A brief guide to Wenckheim Palace...

From the direction of Kálvin tér a lovely pedestrian-only street beckons the arrivals; there, located among residential buildings, the towering stately edifice of Wenckheim Palace, housing the Central Library, can be found.
The Neo-Baroque masterpiece built in the 19th century has been the main building of the public library of the capital since 1931.
The reconstructed and enlarged complex developed at the turn of the millennium has its present-day form by connecting two historic listed buildings and a newly built modern edifice; now it is considered as one of the most beautiful public libraries in Europe.
Visitors can enter the building from the direction of Reviczky utca; the sometime inner courtyard was altered into covered atrium.
Moving on along information and circulation points we reach a stately spiral staircase that connects the floors of the three buildings.
On the ground floor and the lower floors of the building you can experience the hectic atmosphere of Browsing Department, community spaces (public spaces), open access area. Going upstairs you get to reading rooms, spaces for intense studying and research.

Both Sociology Collection and Music Collection provide valuable national and foreign specialized literature; the Budapest Collection has a unique document collection on the past and present of the Hungarian capital.
Walking in the Central Library that houses the holdings of nearly 1.5 million documents you can see how impressive when the architecture of past and present meet.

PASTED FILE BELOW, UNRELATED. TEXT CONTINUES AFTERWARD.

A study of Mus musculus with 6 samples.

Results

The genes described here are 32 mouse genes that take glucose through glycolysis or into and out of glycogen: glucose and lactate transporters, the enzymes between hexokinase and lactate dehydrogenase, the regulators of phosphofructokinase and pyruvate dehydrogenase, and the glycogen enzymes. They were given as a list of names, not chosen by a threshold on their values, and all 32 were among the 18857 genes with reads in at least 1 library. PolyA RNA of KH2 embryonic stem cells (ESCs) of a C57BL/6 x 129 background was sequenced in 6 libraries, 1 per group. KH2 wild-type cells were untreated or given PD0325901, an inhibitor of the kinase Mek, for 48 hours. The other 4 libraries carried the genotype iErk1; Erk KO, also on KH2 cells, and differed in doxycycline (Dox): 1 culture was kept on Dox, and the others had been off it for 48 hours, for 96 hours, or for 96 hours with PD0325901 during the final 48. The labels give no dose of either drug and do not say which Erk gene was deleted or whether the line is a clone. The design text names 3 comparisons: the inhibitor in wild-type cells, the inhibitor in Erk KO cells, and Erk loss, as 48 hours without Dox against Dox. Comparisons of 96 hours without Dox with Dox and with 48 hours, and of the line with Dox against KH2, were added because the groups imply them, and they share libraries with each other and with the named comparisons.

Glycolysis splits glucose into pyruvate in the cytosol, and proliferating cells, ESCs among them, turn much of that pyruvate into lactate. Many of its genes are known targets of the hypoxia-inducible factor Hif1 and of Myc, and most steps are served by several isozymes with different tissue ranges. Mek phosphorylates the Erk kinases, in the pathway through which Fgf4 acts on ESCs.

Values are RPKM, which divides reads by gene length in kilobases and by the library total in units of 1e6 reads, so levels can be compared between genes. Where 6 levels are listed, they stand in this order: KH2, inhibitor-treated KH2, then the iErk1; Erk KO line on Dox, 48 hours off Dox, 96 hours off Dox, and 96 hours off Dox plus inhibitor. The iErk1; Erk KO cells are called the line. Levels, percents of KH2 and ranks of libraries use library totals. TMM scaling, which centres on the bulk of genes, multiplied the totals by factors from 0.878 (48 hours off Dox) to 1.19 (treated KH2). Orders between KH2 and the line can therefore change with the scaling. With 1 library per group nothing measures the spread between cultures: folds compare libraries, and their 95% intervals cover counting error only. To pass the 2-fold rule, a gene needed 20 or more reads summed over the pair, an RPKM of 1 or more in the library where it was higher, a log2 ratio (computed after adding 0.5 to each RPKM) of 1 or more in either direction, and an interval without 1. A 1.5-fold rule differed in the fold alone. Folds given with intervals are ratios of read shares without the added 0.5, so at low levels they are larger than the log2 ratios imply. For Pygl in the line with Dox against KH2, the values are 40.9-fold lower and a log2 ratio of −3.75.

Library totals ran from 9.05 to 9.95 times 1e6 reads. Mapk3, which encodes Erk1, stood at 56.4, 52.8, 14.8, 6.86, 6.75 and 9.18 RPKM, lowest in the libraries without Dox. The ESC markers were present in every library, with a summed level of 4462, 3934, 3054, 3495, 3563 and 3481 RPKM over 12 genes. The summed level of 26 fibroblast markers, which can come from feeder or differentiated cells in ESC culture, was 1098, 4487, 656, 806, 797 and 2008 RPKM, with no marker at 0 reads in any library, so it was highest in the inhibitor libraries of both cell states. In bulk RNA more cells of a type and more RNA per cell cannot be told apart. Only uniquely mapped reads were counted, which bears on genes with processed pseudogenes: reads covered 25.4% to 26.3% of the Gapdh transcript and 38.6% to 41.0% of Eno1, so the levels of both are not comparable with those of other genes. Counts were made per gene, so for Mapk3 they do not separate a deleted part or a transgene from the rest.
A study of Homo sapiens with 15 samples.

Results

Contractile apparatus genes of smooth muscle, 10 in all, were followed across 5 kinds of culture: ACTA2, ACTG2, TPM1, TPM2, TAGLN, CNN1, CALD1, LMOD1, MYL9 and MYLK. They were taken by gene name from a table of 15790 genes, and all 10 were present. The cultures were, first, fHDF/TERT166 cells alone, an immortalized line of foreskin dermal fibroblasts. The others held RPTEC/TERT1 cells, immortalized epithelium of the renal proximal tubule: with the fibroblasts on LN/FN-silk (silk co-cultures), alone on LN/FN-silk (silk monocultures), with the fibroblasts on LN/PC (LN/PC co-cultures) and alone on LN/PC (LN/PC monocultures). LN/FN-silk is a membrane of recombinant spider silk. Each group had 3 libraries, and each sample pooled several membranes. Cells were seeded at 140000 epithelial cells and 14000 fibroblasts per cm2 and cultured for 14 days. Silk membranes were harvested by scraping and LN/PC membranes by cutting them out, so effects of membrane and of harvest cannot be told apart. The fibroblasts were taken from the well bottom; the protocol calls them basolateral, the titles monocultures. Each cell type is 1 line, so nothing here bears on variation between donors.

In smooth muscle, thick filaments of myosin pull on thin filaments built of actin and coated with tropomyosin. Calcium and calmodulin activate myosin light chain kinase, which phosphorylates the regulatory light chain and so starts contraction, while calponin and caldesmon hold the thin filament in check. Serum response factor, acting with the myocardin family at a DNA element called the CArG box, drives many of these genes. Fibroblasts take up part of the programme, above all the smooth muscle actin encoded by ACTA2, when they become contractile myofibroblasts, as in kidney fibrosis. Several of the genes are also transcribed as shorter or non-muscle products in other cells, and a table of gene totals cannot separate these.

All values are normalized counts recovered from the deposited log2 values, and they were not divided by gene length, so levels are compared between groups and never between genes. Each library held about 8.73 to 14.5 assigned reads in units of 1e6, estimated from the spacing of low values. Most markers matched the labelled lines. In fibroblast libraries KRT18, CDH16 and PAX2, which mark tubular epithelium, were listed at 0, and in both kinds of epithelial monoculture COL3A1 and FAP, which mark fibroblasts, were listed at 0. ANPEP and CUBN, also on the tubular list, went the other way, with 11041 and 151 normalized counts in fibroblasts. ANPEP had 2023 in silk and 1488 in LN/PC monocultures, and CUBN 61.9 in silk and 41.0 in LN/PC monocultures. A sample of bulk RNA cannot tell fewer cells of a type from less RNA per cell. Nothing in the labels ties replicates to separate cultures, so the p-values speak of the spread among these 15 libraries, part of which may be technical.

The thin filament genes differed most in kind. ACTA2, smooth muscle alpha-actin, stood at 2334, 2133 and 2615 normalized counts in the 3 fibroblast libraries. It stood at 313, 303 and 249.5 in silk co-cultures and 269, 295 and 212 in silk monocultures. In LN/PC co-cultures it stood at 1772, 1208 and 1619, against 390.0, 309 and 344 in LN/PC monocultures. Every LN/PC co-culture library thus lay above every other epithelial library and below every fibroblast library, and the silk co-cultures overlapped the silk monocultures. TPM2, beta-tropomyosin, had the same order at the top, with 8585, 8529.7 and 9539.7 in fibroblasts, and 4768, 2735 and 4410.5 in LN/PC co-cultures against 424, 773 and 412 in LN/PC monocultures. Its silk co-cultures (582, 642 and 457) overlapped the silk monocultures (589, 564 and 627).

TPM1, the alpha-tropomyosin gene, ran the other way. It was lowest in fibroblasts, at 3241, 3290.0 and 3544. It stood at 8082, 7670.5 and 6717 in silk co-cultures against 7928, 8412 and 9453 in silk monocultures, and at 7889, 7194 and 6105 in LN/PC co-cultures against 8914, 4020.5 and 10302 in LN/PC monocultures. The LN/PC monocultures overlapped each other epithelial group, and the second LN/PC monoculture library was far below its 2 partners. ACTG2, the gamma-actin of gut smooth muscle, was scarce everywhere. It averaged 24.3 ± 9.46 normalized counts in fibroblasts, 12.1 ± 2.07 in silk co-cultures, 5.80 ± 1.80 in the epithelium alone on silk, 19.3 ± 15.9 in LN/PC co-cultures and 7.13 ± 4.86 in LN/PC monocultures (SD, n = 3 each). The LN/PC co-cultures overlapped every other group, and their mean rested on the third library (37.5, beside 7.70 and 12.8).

No doubt, the most beautiful reading rooms were developed in the sometime saloons of the Wenckheim Palace.
The reception hall and ballrooms were supplemented with unique pieces of library furniture designed by industrial artists, so they preserved original antique features.
The sometime Living Room of Wenckheim family, with the spiral stairs leading to the wonderful graven gallery, the beautiful chandelier and marble fireplace is one of the most favourite reading rooms in the library; now it is the Reading room of philosophy.
The sunny reception hall is a magnificent venue for literary and music programs. Opening from the hall there are saloons where permanent exhibitions are set up by Music Collection and Budapest Collection.
The commodious ballrooms are deservedly popular spaces for silent learning.
The former Dining Room, now it is the Reading room of arts, astonishes visitors by its richly ornamented Renaissance carvings, walls covered with gilded and embossed paper and huge glass chandelier.
Groups of visitors can go to see the former ornamental staircase which fascinated the members of aristocracy when balls and social events were held in the 19th century.
The carved ornaments of fascinating interiors in the Children’s Dragon Library as well as the huge stone statues in Dragon's court were made by the inspiration related to dragons on stone banisters.
Opposite to the main entrance of the library, there is another stately listed building - the Pálffy Palace - with its imposing garden and the ceremonial hall which houses the concerts organized by the Music Collection.
Please visit the website old.fszek.hu/ to see our services; some of them are also available by remote access.